Perched atop wooden stools along the lengthy counter of Whats Cooking D’s kitchen, culinary students participate in hands-on cooking classes, supper-club evenings, and beer- and wine-brewing demonstrations. Homey wood cabinets, polished steel ovens, and checkerboard wall tiles act as the backdrop for adult classes covering topics such as kitchen fundamentals, complex recipes, and which end of the butcher knife is the handle. Kids’ classes incorporate fun activities, such as cake and cupcake decorating, and parent-child cooking classes allow kids to eat free and adults to take a break from dinnertime cleanup. The kitchen also turns into a brewery for wine- and beer-crafting classes, with an experienced brewmaster teaching libation-making techniques and that alcohol makes you feel feelings.
Raw Food Central's store carries all the essential snacks, ingredients, and products to maintain a raw-food lifestyle. Customers can opt between two flavors of smoothies—banana almond or banana blueberry ($10 each)—for a blended healthy snack and a not-from-concentrate brain freeze. Flax crackers ($10) or kale chips ($10) make for a body-pleasing snack with tooth-pleasing crunch, ideal for in-between meals of giant, tree-sized broccoli. Raw Food Central advocates diets of vegan cuisine and vegetable juices to enhance health, with helpful, knowledgeable staffers and delicious demonstrations to help raw foodies stay on the straight, narrow, and uncooked.
At The Little Green Tambourine, an environmentally friendly creative-arts studio that promotes active lifestyles, children’s imaginations roam freely during unstructured open-play hours. Kids can create artwork from play doh and paint, don dress-up clothes, or spout The Catcher in the Rye soliloquies during dramatic play. The mini ball pit and hula hoops promise to burn off excess energy, and youngsters can train for the import-export business at the train table. During open play parents must remain with their children, but for an additional $5 per session parents may leave their children to be supervised by the staff during drop-off open play. Parents supervise little ones younger than age 3, but can drop off children 3–5 years old in the sunlit studio with sustainable bamboo floors. Registration for drop-off play is required, and reservations for open play are recommended.
Savory Thymes is a personal catering service that delivers non-processed, health-conscious meals consisting of an entrée and choice of side. Current menu items include cranberry sauced turkey meatballs ($10.95), zippy baked ziti ($16.95), and roasted root vegetables ($5.95). Head Chef Ruth L'Hommedieu will deliver to residences and offices in the Greater Hartford area and orders must be placed by Friday. Unlike fiery stacks of magazines, dishes are delivered cold and will be safe in the refrigerator for up to four days before you follow the heating instructions to bring the flavors to life. Upon request, meals can be created to accommodate dietary considerations.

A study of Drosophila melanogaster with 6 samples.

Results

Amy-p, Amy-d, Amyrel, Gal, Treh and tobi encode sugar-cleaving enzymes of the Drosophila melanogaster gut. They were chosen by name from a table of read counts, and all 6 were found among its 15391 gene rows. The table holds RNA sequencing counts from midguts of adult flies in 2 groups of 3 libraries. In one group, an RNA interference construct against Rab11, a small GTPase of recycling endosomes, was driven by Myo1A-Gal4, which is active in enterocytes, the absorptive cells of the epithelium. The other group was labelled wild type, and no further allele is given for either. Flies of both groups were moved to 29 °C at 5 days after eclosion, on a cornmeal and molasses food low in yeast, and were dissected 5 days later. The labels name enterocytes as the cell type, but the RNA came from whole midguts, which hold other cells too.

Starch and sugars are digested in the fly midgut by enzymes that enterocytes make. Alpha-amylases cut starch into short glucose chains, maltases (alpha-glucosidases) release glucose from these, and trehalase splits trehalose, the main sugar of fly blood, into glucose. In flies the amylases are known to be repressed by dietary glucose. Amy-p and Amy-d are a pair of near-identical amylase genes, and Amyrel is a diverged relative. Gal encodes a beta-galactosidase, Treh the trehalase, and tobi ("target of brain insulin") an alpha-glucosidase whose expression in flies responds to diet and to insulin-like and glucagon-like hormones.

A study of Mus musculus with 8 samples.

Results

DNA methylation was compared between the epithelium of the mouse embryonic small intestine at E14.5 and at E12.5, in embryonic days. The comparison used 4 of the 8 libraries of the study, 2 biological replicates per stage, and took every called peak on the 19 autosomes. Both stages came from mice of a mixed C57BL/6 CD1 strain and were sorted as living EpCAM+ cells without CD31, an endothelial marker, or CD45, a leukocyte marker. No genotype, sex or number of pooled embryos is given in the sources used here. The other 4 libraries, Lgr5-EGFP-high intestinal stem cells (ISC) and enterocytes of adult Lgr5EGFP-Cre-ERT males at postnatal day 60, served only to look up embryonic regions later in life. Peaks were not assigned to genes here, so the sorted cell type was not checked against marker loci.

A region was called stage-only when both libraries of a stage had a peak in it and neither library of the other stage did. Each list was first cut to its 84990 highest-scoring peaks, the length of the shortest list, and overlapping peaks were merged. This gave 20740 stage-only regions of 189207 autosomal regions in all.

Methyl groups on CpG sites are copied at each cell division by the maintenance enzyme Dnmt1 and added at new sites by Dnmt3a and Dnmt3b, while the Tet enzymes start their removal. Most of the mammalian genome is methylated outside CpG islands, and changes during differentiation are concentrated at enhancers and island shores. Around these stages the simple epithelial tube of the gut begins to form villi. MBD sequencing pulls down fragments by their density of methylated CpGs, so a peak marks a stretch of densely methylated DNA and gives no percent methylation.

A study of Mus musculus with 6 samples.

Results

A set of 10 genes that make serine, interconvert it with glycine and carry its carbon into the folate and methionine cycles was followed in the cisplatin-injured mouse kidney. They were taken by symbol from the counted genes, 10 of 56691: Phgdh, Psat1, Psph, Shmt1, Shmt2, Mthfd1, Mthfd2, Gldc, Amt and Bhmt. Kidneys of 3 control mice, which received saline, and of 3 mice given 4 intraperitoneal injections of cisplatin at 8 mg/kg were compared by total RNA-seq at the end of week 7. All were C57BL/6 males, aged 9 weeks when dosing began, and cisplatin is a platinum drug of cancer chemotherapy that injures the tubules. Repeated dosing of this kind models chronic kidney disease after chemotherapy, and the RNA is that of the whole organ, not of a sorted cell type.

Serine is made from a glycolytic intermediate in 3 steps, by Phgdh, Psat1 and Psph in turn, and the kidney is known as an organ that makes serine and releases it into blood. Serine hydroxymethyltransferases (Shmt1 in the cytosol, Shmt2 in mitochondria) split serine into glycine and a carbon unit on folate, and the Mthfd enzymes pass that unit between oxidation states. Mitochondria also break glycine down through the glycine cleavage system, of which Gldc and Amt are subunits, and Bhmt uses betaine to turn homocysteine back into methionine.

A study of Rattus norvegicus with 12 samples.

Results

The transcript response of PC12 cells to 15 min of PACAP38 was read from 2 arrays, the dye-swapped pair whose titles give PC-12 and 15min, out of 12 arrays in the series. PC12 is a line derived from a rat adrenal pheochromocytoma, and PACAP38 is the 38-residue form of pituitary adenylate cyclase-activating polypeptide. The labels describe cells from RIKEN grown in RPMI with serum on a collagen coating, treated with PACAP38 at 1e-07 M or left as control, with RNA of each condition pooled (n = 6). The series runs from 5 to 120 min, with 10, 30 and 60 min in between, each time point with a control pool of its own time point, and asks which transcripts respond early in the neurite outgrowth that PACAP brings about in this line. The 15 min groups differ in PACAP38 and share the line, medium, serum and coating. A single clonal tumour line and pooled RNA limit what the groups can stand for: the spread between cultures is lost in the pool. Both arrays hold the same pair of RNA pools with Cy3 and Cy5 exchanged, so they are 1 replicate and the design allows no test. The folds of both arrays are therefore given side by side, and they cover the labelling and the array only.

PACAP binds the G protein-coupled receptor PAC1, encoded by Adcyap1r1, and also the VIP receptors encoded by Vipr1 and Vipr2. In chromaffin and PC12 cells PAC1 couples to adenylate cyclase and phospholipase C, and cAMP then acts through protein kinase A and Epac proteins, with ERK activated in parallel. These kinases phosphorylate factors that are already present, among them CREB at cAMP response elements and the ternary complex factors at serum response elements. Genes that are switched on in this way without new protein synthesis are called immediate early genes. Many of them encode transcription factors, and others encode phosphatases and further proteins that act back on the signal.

Tempting as it is, wearing a pair of Tschudin Chocolates' high heels on the town wouldn't be a very good idea. That's because the footwear is an example of the custom chocolate sculptures the shop regularly makes for birthdays, weddings, and other special events. Yet Tschudin's chocolatiers don't craft every treat on such a grand scale. Using their stone-ground chocolate and local ingredients such as honey and herbs, they hand-make a rotating lineup of bonbons, truffles, ganaches, and caramels. And that handmade ethos extends into their cakes and desserts as well.
Rather than hiding their techniques from the world by only working in a vault, Tschudin's chocolatiers invite guests to witness their process firsthand during classes. These behind-the-scenes peeks reveal how the team shapes its treats. Tschudin's experts even conduct chocolate-making classes for those struck with inspiration, allowing students to temper and create their own treats.
The Viking Center's esteemed chefs demonstrate a lineup of repeatable kitchen craftwork using high-quality Viking kitchen products. Theater lights and a wireless sound system project chefs' skills onto classes of 25–30 onlookers during installments such as "All About Duck" with Chef Bob Ambrose of Bella Bella Gourmet on October 10, and Mark Shadle's "Delicious, Healthy and Vegan" on November 7, both of which induce drooling promptly at 6:30 p.m. Students can scribble down copious notes about how to deep-freeze a steak with one icy glance as they delight in a complimentary beverage and tastings.